What's Wrong with the Times' Sunday Magazine?
What's with the Times' Sunday magazine section?
Earlier this year, a pro-abortion story from El Salvador backfired when one ofits main scary anecdotes about the harsh anti-abortion laws in that country turned out to be absolutely false. Now, a portion of the March 18 cover story, "The Women's War," on Post-Traumatic Stress Disorder and the alleged sexual abuse offemale soldiers in Iraq, has also been revealed to be dead wrong.
Here's the Times' editor's note from Sunday regarding "The Women's War"by contributing writer Sara Corbett, involving the story told by Amorita Randall, one of several female soldiers Corbett interviewed for her piece.
"The cover article in The Times Magazine on March 18 reported on women who served in Iraq, the sexual abuse that some of them endured and the struggle for all of them to reclaim their prewar lives. One of the servicewomen, Amorita Randall, a former naval construction worker, told The Times that she was in combat in Iraq in 2004 and that in one incident an explosive device blew up a Humvee she was riding in, killing the driver and leaving her with a brain injury. She also said she was raped twice while she was in the Navy.
"On March 6, three days before the article went to press, a Times researcher contacted the Navy to confirm Ms. Randall's account. There was preliminary back and forth but no detailed reply until hours before the deadline. At that time, a Navy spokesman confirmed to the researcher that Ms. Randall had won a Global War on Terrorism Expeditionary Medal with Marine Corps insignia, which was designated for those who served in a combat area, including Iraq, or in direct support of troops deployed in one. But the spokesman said there was no report of the Humvee incident or a record of Ms. Randall's having suffered an injury in Iraq. The spokesman also said that Ms. Randall's commander, who served in Iraq, remembered her but said that her unit was never involved in combat while it was in Iraq. Both of these statements from the Navy were included in the article. The article also reported that the Navy had no record of a sexual-assault report involving Ms. Randall.
"After The Times researcher spoke with the Navy, the reporter called Ms. Randall to ask about the discrepancies. She stood by her account.
"On March 12, three days after the article had gone to press, the Navy called The Times to say that it had found that Ms. Randall had never received imminent-danger pay or a combat-zone tax exemption, indicating that she was never in Iraq. Only part of her unit was sent there; Ms. Randall served with another part of it in Guam. The Navy also said that Ms. Randall was given the medal with the insignia because of a clerical error.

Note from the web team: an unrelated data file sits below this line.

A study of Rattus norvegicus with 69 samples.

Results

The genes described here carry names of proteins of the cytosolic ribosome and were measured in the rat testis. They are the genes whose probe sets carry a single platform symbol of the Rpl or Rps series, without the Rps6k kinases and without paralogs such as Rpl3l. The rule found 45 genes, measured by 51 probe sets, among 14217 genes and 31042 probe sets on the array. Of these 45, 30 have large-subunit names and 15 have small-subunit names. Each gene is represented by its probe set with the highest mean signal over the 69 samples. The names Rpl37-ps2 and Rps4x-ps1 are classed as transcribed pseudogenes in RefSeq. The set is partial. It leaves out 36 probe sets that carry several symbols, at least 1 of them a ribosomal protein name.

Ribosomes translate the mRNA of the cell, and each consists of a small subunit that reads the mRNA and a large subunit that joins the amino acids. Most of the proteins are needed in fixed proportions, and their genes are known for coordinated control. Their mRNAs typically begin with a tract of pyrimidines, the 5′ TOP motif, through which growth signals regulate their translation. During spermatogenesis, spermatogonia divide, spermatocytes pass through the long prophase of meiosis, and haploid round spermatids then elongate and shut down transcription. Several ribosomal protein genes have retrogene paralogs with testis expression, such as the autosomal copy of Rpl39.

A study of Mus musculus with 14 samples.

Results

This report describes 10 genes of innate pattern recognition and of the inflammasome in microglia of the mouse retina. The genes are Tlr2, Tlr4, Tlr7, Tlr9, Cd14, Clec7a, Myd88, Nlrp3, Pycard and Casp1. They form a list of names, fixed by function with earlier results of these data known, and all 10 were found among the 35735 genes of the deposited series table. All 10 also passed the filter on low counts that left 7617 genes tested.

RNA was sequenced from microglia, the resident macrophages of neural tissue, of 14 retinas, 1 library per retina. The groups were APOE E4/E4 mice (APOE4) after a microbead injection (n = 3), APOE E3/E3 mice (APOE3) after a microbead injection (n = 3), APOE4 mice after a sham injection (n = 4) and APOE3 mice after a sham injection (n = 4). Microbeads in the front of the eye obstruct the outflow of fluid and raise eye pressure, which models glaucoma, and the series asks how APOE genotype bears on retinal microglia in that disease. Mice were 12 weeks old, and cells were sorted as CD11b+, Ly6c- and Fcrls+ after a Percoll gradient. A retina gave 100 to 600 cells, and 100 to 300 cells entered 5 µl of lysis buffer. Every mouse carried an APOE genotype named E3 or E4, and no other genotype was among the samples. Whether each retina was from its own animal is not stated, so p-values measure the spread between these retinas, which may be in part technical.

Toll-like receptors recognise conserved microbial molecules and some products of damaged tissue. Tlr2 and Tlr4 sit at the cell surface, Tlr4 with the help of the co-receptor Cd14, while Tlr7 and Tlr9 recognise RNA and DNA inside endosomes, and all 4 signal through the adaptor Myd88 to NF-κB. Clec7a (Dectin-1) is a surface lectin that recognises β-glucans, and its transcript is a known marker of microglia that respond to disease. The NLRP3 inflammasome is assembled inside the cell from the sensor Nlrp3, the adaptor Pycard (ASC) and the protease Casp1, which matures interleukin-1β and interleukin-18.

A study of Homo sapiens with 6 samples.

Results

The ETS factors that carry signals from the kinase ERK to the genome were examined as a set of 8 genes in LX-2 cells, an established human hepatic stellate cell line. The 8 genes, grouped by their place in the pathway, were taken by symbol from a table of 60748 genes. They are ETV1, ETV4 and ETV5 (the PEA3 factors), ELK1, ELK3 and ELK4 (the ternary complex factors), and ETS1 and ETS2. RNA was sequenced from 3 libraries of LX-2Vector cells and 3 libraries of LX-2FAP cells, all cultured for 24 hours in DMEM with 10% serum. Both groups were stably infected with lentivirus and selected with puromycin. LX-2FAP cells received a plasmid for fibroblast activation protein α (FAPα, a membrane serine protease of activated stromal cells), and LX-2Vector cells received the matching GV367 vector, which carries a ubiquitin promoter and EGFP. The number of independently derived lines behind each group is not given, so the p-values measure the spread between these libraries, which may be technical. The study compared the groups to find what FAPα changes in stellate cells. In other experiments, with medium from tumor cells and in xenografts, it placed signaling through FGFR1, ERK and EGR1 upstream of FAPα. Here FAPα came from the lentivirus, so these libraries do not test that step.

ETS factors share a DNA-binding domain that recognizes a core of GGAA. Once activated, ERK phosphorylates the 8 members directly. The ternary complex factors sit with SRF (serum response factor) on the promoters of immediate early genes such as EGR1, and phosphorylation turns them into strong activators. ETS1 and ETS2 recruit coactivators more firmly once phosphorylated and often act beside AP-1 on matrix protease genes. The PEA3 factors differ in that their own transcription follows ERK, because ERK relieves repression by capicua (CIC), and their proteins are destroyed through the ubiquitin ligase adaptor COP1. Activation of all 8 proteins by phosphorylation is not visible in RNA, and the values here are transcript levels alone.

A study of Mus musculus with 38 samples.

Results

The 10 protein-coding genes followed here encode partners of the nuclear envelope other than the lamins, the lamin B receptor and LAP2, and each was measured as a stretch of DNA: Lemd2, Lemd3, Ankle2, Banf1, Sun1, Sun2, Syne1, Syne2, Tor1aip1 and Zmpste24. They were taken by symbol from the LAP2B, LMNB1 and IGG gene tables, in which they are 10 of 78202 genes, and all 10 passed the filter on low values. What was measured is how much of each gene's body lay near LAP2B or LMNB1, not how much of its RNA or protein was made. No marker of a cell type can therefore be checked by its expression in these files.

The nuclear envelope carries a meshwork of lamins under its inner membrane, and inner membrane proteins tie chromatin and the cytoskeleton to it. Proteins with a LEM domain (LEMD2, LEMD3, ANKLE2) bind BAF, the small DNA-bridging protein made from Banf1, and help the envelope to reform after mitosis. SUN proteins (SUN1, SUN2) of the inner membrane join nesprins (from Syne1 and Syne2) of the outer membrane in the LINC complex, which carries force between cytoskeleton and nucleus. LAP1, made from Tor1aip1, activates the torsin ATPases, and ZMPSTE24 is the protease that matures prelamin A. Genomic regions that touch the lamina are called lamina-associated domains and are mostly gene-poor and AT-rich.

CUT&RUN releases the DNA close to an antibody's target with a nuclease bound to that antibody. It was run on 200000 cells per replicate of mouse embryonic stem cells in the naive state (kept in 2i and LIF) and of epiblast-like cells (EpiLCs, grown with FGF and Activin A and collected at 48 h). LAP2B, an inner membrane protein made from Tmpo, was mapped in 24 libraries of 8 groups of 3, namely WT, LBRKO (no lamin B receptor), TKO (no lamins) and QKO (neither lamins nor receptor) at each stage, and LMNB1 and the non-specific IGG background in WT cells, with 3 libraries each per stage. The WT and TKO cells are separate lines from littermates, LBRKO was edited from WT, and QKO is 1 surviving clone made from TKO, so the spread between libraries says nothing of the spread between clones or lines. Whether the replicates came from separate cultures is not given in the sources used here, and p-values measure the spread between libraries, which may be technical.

"Based on the information that came to light after the article was printed, it is now clear that Ms. Randall did not serve in Iraq, but may have become convinced she did. Since the article appeared, Ms. Randall herself has questioned another member of her unit, who told Ms. Randall that she was not deployed to Iraq. If The Times had learned these facts before publication, it would not have included Ms. Randall in the article."
Though the actual article didn'tappear in the magazine for six more days (March 18), theTimes didn't pulp the magazine or even run a correction the same day as the article, but waiteda full week before issuing itsEditor's Note the following Sunday.
"The Navy, while expressing sympathy to a woman it believes is suffering from stress, is annoyed that the Times did so little to check the woman's story. A Times fact checker contacted Navy headquarters only three days before the magazine's deadline. That, said Capt. Tom Van Leunen, deputy chief of information for the Navy, did not provide enough time to confirm Randall's account of service in Iraq. Nonetheless, Van Leunen said, by deadline the Navy had provided enough information to the Times "to seriously question whether she'd been in Iraq."
"Aaron Rectica, who runs the magazine's research desk, disputes that. He said that by deadline, the Navy had not given the Times any reason to disbelieve Randall's claim of service in Iraq. Rectica said the Navy only told the paper that Randall's commanders believed she'd been in Iraq but that no one in the unit had been in combat."
"But what do interviews of women diagnosed with PTSD tell us about the much broader population of women who have served in the military? Not much, I suspect. Corbett's method reminds me of a study done in the late 1960s on the effects of marijuana use. It found that 100% of college students who smoked marijuana suffered from some kind of psychological problem. At the time, the study was widely reported. Its conclusion seemed obviously false to me, and I couldn't figure out how the study could be so far off the mark until I got to the last line of the news article: the study was based on a review of files in college psychiatric services. Sure enough, if the data set you start with is psychiatric files, you will find that 100% of marijuana smokers have some kind of psychological problem. Of course, you could say the same for any other demographic group: blue-eyed people, midgets, whatever.
"While Corbett's article doesn't purport to be a scientific study, the same phenomenon appears to be at work. If the only people you talk to are ones who are being treated for PTSD, you will get the impression that military service is awfully traumatic. Of course, you would get the same impression if you interviewed male veterans who were being treated for PTSD. And you would get similarly sad stories from civilians who are being treated for similar disorders."